As you may remember, John Gross, the remarkable man of letters, died in January. There was an outpouring of appreciation for him in newspapers and magazines all over. This was in part because writers know other writers — and they have platforms (i.e., those newspapers and magazines). When a hardware-store owner dies, he may be mourned by many. But the articles may be few.
There was another reason for the outpouring about John, however: He struck a chord in a great many of us. He was sparkling, erudite, kind, and lovable. Well-nigh unique.
I did a note about him in Impromptus, here
. And I would like to print, below, the editorial paragraph that appeared in National Review
. It may be helpful to those who are learning of this writer for the first time:
John Gross was the most civilized man you could have known. He had superb manners, and was versed in literature, theater, art, history, and virtually everything else. He was once called “the best-read man in Britain,” no less. But there was nothing stuffy or pompous about him. He was perpetually generous and amusing. He was born in London’s East End in 1935. He became a famous man of letters, both in Britain and in America. He held a number of important positions. For example, he was the editor of The Times Literary Supplement. And senior book editor of the New York Times. He compiled many Oxford anthologies, the last of which came out only last year: a book of literary parodies. He was a trustee of London’s National Portrait Gallery, a judge of the Booker Prize. People regarded him as a conservative, and he was, in a way. But this was mainly not a political matter. It was a matter of high standards in art, letters, and life. It was a matter of sticking up for the Judeo-Christian civilization. John Gross has died at 75. The last of a breed? Maybe not, but there are precious few specimens left.
In London last week, there was a memorial service for him. He did not want it called a “service”; he wanted it called a “meeting” — a memorial meeting. Actually, he didn’t want it at all. But I think he acceded to the wishes of his family. And he specified what he wanted at the “meeting”: a few addresses, and a selection of poems and music (mainly songs).
Le tout London was there — certainly le tout Londres litéraire. David Pryce-Jones once wrote, in an article about a row between Salman Rushdie and V. S. Naipaul (a dear friend of David’s), “Literary London is a small town.” I will give you a taste of how the program went.
John’s son Tom led it off, welcoming everybody. Then Lord Weidenfeld spoke. He said that David had introduced him to John more than 50 years ago. Next at the podium — or a podium, because there were two, one on either side of the stage — was Robert Lloyd, the distinguished British bass. I was surprised to hear he was 70, or past 70: He said that John had attended his 70th-birthday party. Lloyd is damn well preserved — and still performing.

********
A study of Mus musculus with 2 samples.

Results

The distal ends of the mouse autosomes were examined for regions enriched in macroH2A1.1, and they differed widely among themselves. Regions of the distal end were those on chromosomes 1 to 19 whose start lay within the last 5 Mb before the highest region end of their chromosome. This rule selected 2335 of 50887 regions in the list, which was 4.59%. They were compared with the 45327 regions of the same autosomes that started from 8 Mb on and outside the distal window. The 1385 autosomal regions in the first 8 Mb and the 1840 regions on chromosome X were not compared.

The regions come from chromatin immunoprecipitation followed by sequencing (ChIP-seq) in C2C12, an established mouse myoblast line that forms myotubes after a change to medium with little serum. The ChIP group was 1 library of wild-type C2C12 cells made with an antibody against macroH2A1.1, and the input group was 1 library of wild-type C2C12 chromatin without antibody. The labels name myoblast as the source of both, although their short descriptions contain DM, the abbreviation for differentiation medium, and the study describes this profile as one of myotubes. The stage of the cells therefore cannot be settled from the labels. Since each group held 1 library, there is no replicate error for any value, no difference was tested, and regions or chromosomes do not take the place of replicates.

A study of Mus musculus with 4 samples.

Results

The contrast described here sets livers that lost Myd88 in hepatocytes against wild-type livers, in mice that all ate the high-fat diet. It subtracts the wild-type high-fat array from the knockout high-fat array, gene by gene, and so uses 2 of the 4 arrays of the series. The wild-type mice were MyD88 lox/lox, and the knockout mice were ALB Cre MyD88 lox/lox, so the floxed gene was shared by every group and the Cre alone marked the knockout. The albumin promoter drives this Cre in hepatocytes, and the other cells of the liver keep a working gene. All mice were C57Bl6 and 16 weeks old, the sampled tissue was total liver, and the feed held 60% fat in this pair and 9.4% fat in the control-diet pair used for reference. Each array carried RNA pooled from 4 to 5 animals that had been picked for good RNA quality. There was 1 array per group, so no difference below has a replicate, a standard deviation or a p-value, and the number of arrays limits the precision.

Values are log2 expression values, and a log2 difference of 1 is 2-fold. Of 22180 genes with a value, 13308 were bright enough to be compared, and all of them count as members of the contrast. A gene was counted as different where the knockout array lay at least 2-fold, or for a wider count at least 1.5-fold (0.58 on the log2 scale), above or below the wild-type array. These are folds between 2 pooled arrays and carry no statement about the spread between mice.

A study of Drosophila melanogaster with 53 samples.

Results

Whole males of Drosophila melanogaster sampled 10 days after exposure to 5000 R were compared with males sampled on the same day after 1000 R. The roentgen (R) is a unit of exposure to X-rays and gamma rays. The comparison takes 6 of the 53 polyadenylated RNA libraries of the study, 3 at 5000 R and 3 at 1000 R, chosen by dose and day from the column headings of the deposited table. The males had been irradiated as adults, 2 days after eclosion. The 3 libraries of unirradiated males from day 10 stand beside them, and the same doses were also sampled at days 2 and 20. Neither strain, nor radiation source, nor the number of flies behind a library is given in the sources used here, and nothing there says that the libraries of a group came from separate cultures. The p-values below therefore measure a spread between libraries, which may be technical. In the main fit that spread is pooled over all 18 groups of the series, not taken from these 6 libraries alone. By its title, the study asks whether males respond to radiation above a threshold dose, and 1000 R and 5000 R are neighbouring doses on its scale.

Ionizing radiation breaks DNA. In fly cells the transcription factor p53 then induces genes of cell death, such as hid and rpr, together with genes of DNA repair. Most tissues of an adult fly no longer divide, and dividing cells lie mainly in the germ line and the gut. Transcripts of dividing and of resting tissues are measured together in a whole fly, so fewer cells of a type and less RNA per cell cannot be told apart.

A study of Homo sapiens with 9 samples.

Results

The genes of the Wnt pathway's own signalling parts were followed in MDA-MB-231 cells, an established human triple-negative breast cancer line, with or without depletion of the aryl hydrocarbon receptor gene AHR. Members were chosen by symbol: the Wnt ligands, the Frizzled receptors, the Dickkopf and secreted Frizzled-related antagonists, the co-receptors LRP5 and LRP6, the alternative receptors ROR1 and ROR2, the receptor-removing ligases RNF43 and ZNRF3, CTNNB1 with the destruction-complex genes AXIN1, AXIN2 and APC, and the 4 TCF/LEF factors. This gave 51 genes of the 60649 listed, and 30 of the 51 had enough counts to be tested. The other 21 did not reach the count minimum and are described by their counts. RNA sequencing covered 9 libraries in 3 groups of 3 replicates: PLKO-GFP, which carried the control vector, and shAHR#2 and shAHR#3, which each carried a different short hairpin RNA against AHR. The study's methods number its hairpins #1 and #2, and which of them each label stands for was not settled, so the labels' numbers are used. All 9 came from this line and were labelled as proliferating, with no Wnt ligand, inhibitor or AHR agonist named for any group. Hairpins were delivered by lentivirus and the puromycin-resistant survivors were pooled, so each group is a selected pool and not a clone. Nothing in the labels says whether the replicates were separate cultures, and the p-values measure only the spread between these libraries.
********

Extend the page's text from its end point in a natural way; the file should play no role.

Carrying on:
He did not sing on this occasion, but introduced a recording — a recording of his own, as was only right. This was Schubert’s song cycle Die Winterreise, from which we heard one song. In Lloyd’s voice is a special glow. I have remarked on it many times, in reviews over the years.
The first of the poems was “Tears, Idle Tears,” by Tennyson. In due course, we heard poems by Auden, Hardy, Frost, others. John Gross had memorized reams of poetry, along with other literature.
An Ella Fitzgerald recording of “What Is This Thing Called Love?” was played. I thought of what Liza Minnelli said, when asked who was the best singer. “You mean, besides Ella?” Many years ago, a radio host had fun with “What Is This Thing Called Love?” — with the title, I mean. He said you could place a comma almost anywhere: “What Is This Thing Called, Love?” “What, Is This Thing Called Love?” “What Is This Thing, Called Love?”
Naturally, John wanted P-J to speak, and he was — again, naturally — top-notch. He knew John well, and did not shrink from saying that he, John, took part in the “culture wars.” John was subtle, polite, and “noncontroversial,” and he was loved by people of varying political stripes. But he took part in those wars all the same — on the side of culture, of course, real culture. David’s address was a version of a piece he wrote for The New Criterion, found here.
The voice of voices — Kathleen Ferrier’s — was heard. She was singing “The Keel Row.” My oh my, did John love British culture, along with other people’s cultures. We also heard John McCormack in “Oft in the Stilly Night,” not to be confused with “In the Still of the Night” (which is a Cole Porter song, like “What Is This Thing Called Love?”). In Impromptus recently, I told the famous story about McCormack and Caruso, meeting for the first time. One or the other says, “It’s an honor to meet the world’s greatest tenor.” The other says, “I was just about to say the same thing.”